Bleda and Rosa

Fúcares Madrid

Better than any of Bleda and Rosa’s other endeavors, the “Origin” series (2003–) realizes the project underpinning their work as a whole. Interested in neither landscape nor ornament, this project is characterized by an impulse toward historiographical interrogation close in spirit to Walter Benjamin’s “absolute materialism.” As in Benjamin’s meditations on Paul Klee’s Angelus Novus, 1920, María Bleda and José María Rosa (who have been working together since 1992) take an approach to historical objects marked by the basic will to recover a lost or suppressed history in those objects. The “act of knowledge” befitting historical work has, for Benjamin, a certain “emancipatory” potential, freeing in the present that which originally had so much unfulfillable power and fullness that could not be fulfilled and hence was projected toward the future, to come to us now as a longing, as an exigency and, thereby, as origin.

It is in the work of art that the ability to effect this recovery shines forth—this possibility of salvaging what cannot be seen from what is seen. Hence, the photographs in Bleda and Rosa’s series of “Battlegrounds” (1994–99) show places where certain epic incidents took place. In the heat of those battles, the histories of peoples have been drawn, leaving in the image an imperceptible trace that only the recall power of the work of art can rescue.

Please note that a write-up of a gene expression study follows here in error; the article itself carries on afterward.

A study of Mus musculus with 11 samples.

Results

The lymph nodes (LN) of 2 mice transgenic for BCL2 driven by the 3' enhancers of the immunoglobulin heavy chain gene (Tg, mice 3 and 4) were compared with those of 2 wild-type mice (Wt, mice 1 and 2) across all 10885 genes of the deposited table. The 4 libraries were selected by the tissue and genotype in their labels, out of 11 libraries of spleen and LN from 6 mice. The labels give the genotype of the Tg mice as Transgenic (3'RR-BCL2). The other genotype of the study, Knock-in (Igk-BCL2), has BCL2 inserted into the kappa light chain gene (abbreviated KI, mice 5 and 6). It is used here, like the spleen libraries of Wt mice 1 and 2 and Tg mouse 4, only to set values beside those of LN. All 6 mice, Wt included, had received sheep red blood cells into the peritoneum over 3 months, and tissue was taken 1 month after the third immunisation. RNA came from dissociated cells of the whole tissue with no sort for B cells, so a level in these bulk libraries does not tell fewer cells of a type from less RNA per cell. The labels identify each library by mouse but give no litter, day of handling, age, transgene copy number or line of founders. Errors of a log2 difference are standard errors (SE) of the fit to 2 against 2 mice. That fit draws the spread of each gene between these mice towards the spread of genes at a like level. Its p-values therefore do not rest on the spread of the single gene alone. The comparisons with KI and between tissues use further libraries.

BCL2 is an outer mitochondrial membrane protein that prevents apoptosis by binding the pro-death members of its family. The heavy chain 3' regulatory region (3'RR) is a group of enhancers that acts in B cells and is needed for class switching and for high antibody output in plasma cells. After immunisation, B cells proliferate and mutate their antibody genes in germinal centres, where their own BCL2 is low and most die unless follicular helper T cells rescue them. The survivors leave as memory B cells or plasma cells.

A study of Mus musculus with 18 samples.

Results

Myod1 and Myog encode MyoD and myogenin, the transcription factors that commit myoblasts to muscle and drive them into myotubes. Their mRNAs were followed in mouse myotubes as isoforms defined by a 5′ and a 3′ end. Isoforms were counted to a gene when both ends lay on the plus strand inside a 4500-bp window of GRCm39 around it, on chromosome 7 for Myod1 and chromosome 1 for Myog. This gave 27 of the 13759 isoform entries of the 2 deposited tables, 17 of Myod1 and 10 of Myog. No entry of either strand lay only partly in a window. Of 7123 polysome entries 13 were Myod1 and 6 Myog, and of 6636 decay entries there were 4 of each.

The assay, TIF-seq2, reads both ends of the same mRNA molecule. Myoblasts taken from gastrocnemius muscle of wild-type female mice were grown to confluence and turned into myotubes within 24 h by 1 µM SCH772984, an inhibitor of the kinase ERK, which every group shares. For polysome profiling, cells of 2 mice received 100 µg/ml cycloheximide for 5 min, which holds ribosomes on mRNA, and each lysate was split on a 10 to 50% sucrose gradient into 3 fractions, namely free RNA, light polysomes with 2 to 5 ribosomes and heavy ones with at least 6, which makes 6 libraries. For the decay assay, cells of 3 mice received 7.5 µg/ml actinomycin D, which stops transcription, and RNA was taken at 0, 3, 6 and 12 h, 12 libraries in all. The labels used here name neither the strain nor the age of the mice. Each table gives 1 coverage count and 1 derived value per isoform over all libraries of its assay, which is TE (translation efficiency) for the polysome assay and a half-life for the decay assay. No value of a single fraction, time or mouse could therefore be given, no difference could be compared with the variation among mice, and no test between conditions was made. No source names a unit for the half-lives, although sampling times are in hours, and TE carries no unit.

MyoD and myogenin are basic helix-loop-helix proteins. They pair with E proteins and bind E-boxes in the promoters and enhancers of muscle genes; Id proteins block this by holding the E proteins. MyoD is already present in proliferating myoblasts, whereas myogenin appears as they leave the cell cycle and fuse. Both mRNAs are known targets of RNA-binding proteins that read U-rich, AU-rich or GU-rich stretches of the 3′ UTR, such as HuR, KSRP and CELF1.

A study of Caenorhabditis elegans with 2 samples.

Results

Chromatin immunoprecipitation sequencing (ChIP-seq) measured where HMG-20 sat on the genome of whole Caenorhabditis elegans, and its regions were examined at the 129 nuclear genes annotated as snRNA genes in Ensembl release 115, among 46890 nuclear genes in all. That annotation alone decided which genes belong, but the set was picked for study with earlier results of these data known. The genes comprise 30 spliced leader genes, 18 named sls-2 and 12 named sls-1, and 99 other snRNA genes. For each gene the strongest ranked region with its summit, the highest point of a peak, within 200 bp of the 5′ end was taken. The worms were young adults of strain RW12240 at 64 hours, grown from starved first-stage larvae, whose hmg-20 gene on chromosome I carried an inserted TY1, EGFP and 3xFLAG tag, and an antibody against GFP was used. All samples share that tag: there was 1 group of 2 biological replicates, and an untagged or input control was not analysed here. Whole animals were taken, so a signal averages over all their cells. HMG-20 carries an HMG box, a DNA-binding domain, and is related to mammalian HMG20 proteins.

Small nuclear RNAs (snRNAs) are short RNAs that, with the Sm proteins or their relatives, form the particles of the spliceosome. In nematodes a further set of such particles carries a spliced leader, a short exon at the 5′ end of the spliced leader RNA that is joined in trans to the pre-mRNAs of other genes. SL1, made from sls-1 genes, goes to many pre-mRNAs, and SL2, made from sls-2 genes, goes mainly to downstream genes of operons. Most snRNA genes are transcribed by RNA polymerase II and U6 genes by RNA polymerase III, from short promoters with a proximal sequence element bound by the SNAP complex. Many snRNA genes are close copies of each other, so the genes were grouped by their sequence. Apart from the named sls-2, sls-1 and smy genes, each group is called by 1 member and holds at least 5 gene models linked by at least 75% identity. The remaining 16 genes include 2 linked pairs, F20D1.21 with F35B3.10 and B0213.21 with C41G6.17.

In their new series, the “Origin” being rescued is the one common to us all: our origin as a species. The photographs show the current state of some of the sites and excavations where, through the findings of fossil remains, the traces and the memories of the appearance of Homo sapiens on earth have been registered, from the time of Darwin to the present. In some of the images we catch sight of archaeological work being done; in others, we see only the terrain itself.

Undoubtedly, some recent debates could give this interrogation a gleam of topicality, but any such turn would seem petty in the face of the knowledge of emancipation that is rescued in this work: Nature itself is messianic in its fleetingness. Man’s advent in the history of the world is insignificant with respect to the historical force of nature, of mineral being. Perhaps the deep solemnity and sublime grandeur of these photos is grasped when one imagines them as the pure testimony of those forces, rather than as testimony of man’s first shaky steps on earth.

What did those humans—we who now write and read this text in the present—come here to do? Why did they come to these places? Perhaps just to take some photographs that, in the end, attest to that unanswerable question and to the everlasting and inexorable need to ask it.

José Luis Brea

Translated from Spanish by Jane Brodie.